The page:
A group of computer hackers, angry over the suicide of an Internet freedom activist who had been under investigation from the Obama administration's Justice Department, took over a federal website early Saturday and announced it is "declaring war on the U.S. government."
The group, which calls itself Anonymous, took over the website of the U.S. Justice Department's Sentencing Commission, www.ussc.gov, and threatened to release sensitive government data and use computer-code based "warheads" against other sites.
The attack is part of a much broader backlash percolating in the online world against the Justice Department's prosecution of Aaron Swartz, an Internet activist who killed himself Jan. 11.
Friends and family blame the death of Mr. Swartz on the federal government's threat to imprison the 26-year-old for illegally publishing more than 4 million academic papers on the Internet.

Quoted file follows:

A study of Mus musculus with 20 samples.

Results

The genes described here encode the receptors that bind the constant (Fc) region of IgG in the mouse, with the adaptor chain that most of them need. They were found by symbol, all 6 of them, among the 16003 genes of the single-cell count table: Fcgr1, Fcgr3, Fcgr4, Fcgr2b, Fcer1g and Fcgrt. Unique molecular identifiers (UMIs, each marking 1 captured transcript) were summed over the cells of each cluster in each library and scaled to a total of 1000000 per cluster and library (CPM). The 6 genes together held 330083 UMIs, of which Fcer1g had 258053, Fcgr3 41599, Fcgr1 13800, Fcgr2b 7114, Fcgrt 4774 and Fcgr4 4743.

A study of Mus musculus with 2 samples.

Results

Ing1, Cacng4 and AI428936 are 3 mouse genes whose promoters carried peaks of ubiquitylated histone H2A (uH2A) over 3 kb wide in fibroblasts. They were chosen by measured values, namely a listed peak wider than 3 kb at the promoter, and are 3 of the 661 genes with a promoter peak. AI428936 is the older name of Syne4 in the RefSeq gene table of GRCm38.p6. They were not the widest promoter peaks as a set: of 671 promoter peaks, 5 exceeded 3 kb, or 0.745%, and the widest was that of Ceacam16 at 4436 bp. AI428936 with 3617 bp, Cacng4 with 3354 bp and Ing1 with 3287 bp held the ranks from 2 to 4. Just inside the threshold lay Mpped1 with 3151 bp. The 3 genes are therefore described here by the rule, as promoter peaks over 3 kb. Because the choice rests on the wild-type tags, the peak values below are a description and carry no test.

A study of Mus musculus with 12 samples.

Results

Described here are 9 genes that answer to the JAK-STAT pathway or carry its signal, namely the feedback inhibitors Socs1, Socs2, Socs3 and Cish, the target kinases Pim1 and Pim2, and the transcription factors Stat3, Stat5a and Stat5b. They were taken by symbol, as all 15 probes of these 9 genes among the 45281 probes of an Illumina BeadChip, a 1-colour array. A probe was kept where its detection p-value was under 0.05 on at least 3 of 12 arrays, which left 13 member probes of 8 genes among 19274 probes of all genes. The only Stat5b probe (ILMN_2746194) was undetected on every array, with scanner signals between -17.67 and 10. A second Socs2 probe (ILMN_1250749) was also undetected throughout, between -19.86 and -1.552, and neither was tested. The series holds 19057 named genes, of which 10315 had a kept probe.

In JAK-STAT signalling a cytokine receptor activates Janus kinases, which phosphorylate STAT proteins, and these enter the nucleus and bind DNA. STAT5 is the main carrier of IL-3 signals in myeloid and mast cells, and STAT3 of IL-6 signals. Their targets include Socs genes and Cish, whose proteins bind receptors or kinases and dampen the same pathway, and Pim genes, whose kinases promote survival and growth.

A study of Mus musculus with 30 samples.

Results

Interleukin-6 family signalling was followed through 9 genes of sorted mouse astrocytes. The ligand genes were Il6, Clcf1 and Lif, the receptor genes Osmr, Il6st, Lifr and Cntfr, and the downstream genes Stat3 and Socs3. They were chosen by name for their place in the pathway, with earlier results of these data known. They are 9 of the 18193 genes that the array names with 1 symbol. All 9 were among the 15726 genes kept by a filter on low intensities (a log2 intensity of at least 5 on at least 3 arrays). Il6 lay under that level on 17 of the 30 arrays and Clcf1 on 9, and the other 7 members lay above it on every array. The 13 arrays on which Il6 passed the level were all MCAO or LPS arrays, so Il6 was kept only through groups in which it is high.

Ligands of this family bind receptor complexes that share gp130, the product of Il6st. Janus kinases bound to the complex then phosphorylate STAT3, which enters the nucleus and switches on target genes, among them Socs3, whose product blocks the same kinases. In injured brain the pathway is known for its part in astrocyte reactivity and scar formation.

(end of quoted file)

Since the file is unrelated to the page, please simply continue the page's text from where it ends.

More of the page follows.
Mr. Swartz had faced a maximum sentence of 31 years in prison and fines of up to $1 million.
Critics of the federal government's handling of the case say the Internet activist was the victim of an over-zealous, politically motivated prosecution headed by U.S. Attorney Carmen Ortiz.
Ms. Ortiz, who had been called a rising political star in Massachusetts before her involvement in the Swartz controversy, released a statement last week defending her handling of the case:
"This office's conduct was appropriate in bringing and handling this case. The career prosecutors handling this matter took on the difficult task of enforcing a law they had taken an oath to uphold, and did so reasonably," she wrote.
The Justice Department web site was up and running again by mid-day Saturday, but there were indications the hackers had taken government files and is threatening to release the files unless their demands for legal reforms are met.
The FBI is heading the investigation into Saturday's attack,according to Richard McFeely, of the bureau's Criminal, Cyber, Response, and Services Branch.
"We were aware as soon as it happened and are handling it as a criminal investigation," Mr. McFeely said in an emailed statement. "We are always concerned when someone illegally accesses another person's or government agency's network."